U.S. infrastructure may get a boost after the presidential election as both candidates pledged they would seek to increase government spending on improving the nation's network of roads, bridges and other structures.

Areas that receive government cash infusions can do well for investors , too, and equity analysts that watch infrastructure say that there's been some early bet-placing in a few companies that infrastructure will get a cash infusion no matter who is president.

"This play has been going for a couple of weeks now, with a few names at 52-week highs. What I'm looking for is what is the time frame for a lot of these projects," says Gavin Maguire, senior analyst for special situations at Chicago-based independent research firm Briefing.com.


Infrastructure spending is low . Dan Heckman, national investment consultant for U.S. Bank Wealth Management in Kansas City, Missouri, says government spending on infrastructure has declined over the past several years, and now the U.S. spends less than 2 percent of overall gross domestic product on infrastructure.

Maguire says don't expect shovel-ready projects to occur right after a new president takes office.

"It's not like one gets sworn in Jan. 21 and is breaking ground on Jan. 22," he says.

It also depends on the makeup of Congress, too. If Democratic Hillary Clinton is elected president, but Congress stays in Republican hands, it could mean the same gridlock seen under President Barack Obama. Even if Republican Donald Trump is elected and Congress stays Republican, Trump may not get all his wishes done because he is much more of an outsider, Maguire says.

Still, both analysts say there's a good chance to see some sort of increased infrastructure spending with a new political administration.

Candidate plans . On her campaign website, Clinton announced a $275 billion, five-year plan to improve U.S. infrastructure, focusing on roads, public transportation, broadband access and renewable energy among her top priorities. She plans to fund it with an infrastructure bank and by issuing Build America Bonds, which are a type of municipal bond.

In an interview, Trump said he would spend $500 billion in infrastructure developments, but offered few details on how to finance it.

In a research note, Deutsche Bank strategists David Bianco, Ju Wang and Winnie Nip say neither candidate has brought any specific project proposals nor priorities, which would "bring more substance to this debate, better differentiate the candidates and hopefully lead to more productive spending."

Maguire and Heckman say focusing on transportation could be one area for investors to consider, such as railways , bridges and airport improvements, in addition to road construction.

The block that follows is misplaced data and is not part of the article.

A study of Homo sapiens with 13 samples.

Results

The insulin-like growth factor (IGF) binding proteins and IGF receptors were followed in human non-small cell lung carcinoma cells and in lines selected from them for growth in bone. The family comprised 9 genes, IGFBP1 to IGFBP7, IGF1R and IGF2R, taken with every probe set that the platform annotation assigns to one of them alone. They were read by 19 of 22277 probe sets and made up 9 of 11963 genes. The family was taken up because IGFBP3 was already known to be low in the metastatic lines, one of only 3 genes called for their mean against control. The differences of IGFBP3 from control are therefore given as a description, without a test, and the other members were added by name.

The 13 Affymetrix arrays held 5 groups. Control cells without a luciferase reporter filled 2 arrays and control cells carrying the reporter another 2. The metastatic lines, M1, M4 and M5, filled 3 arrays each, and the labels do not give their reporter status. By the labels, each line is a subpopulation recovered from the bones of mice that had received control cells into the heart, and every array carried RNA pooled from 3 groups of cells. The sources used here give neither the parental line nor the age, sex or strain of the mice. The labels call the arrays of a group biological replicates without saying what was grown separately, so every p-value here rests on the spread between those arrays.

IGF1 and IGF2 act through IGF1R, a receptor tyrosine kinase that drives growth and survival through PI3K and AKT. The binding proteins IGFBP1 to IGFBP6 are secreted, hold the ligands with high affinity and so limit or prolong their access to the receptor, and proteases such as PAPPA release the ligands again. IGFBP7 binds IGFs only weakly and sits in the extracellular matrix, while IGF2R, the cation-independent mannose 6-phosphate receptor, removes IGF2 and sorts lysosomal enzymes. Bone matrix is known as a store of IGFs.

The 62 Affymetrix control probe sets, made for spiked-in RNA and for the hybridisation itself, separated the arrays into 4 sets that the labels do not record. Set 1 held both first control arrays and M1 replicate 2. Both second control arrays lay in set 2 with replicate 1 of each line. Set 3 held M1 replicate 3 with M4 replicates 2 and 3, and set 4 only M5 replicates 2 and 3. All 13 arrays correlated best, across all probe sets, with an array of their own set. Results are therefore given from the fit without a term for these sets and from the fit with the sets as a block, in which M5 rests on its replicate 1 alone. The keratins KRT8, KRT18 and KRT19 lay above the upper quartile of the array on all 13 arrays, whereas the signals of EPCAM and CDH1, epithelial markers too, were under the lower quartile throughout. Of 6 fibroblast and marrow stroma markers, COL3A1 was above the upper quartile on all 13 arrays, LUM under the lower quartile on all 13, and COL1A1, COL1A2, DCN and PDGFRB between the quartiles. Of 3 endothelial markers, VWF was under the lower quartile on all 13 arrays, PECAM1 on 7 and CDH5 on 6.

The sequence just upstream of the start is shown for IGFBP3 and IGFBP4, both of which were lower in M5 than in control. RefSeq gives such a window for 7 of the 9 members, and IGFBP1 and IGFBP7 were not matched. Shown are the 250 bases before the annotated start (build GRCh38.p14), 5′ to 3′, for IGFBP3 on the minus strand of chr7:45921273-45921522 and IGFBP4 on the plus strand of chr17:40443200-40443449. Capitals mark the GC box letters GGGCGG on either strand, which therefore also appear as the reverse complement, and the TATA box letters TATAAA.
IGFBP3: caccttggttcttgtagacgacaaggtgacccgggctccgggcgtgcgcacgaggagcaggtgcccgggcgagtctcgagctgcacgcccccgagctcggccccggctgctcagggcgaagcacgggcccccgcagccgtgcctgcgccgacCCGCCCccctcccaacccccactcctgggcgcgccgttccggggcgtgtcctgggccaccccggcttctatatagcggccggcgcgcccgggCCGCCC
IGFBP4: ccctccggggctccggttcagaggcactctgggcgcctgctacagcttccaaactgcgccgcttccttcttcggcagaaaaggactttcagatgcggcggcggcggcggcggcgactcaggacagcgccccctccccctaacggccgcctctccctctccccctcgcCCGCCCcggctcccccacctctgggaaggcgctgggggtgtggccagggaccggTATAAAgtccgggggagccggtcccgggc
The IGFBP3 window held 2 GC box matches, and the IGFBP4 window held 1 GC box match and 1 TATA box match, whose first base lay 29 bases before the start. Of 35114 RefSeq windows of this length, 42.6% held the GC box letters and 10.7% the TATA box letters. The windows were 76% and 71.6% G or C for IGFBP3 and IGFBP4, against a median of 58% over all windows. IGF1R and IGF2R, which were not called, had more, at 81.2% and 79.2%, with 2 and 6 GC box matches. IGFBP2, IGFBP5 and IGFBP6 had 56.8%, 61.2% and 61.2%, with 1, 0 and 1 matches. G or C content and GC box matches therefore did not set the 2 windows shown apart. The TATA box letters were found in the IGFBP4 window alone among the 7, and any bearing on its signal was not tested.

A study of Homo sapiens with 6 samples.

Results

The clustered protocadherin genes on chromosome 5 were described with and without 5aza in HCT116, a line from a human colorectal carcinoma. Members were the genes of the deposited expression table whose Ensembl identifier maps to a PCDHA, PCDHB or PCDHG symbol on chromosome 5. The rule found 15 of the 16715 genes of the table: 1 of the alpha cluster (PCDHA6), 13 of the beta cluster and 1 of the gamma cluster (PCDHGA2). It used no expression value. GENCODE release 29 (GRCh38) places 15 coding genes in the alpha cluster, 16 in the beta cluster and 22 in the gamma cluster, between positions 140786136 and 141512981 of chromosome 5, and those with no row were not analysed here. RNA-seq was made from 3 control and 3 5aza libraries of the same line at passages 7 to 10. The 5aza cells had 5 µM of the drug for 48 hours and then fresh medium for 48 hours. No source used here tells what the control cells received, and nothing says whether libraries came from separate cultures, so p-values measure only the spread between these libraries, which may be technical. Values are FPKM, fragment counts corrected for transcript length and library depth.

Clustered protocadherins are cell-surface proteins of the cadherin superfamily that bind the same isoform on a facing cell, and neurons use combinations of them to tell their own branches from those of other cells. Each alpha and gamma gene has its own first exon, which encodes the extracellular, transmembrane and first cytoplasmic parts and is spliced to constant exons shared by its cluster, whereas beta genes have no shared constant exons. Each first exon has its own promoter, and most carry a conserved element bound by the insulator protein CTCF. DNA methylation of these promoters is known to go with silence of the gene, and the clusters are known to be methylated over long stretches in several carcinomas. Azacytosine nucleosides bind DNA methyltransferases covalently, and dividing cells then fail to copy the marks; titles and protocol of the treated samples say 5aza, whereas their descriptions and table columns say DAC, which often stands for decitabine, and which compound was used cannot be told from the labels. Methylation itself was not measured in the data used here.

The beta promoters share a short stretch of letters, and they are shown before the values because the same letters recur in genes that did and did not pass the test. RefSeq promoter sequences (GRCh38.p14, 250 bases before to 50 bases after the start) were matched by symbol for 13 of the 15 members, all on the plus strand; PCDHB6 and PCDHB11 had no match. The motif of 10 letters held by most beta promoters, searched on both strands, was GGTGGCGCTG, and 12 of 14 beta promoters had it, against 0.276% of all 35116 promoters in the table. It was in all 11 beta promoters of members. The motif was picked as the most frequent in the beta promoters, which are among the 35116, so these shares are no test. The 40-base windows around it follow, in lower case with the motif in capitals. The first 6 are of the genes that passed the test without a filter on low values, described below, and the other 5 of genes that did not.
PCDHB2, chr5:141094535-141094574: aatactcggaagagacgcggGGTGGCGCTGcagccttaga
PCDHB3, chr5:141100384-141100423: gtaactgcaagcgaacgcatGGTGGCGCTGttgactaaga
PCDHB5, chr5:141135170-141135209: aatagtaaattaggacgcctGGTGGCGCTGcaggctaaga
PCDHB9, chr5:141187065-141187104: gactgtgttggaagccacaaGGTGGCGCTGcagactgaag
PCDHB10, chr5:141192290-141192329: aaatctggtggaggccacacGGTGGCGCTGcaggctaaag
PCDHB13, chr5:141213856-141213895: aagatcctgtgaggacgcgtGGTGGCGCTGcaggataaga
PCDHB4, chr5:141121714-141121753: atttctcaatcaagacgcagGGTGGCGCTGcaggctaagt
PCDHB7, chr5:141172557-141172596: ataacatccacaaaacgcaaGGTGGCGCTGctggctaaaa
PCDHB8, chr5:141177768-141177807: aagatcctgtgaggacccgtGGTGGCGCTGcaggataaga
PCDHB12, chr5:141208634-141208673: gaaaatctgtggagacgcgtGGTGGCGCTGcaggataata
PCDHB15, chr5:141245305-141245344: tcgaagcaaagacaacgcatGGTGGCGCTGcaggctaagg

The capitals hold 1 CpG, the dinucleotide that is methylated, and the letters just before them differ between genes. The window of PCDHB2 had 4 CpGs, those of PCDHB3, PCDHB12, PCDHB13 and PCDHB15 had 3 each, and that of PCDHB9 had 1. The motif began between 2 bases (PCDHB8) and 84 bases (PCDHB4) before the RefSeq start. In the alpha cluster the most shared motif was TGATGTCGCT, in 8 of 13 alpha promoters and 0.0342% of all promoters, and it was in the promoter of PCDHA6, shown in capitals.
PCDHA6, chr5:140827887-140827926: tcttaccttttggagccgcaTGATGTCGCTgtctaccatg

"We think there's a lot of interest to increase spending in that area. I think a lot of city and state municipalities are waiting and hoping the Feds will have some kind of matching program or mechanism to fund projects that are on the drawing board. We think there's a greater chance of that happening," Heckman says.

Maguire says under Clinton, renewable energy is likely to get a boost, while Trump will likely focus on crude oil, natural gas and coal developments.


"This time, we think infrastructure investment will be led by electric transmission/efficiency, green power, (and) water systems. State and local governments do about 75 percent of public infrastructure spending and will likely implement this spending via establishing authorities and utility companies. More federal subsidies are likely, perhaps from public/private investment partnerships or channeled from a higher federal gasoline tax or carbon related taxes if Democrats take the leadership," they say.

How to play it . Maguire says investors should keep a longer time frame in mind. The recent price run up in some stocks may be premature as even if some projects get approved, actual groundbreaking might not be for another year or two.

"The fundamentals might not support the valuations until later in 2018, when we see a lot of these projects and these orders and a pickup in government spending taking place," he says.

Under a Trump presidency, Maguire says companies involved in defense, like Northrop Grumman Corp. (ticker: NOC ), and fossil-fuel production like Halliburton Co. ( HAL ) and Duke Energy Corp. ( DUK ) might do well.

Under Clinton, a fixed-income play could be buying the BlackRock Taxable Municipal Bond Trust, which holds a significant portion of the Build American Bonds, Maguire says.

"It's recently pulled back, which makes it more attractive," he says. "It's a very safe fixed income investment for people."

Motion and control technology maker Parker Hannifin Corp. ( PH ) makes parts for companies like Deere & Co. ( DE ), Cummins ( CMI ) and Caterpillar ( CAT ), and Parker could benefit before the larger equipment makers do, he says.

Two renewable energy names Maguire likes are Argan ( AGX ), which does engineering and consulting services in the power generation and renewable energy space, and doesn't have the valuations that other infrastructure firms do now. He also likes solar-panel maker First Solar ( FSLR ). First Solar is "the best-run solar company out there," he says, and the stock is suffering from a supply glut in the industry. However, for someone with a longer-term horizon, it could do well.

Both Maguire and the Deutsche Bank analysts like AECOM ( ACM ), which is involved with government infrastructure projects worldwide. Deutsche Bank says the firm has low oil exposure but "high exposure to rebounding public infrastructure spending and underappreciated operating leverage and cash flow story."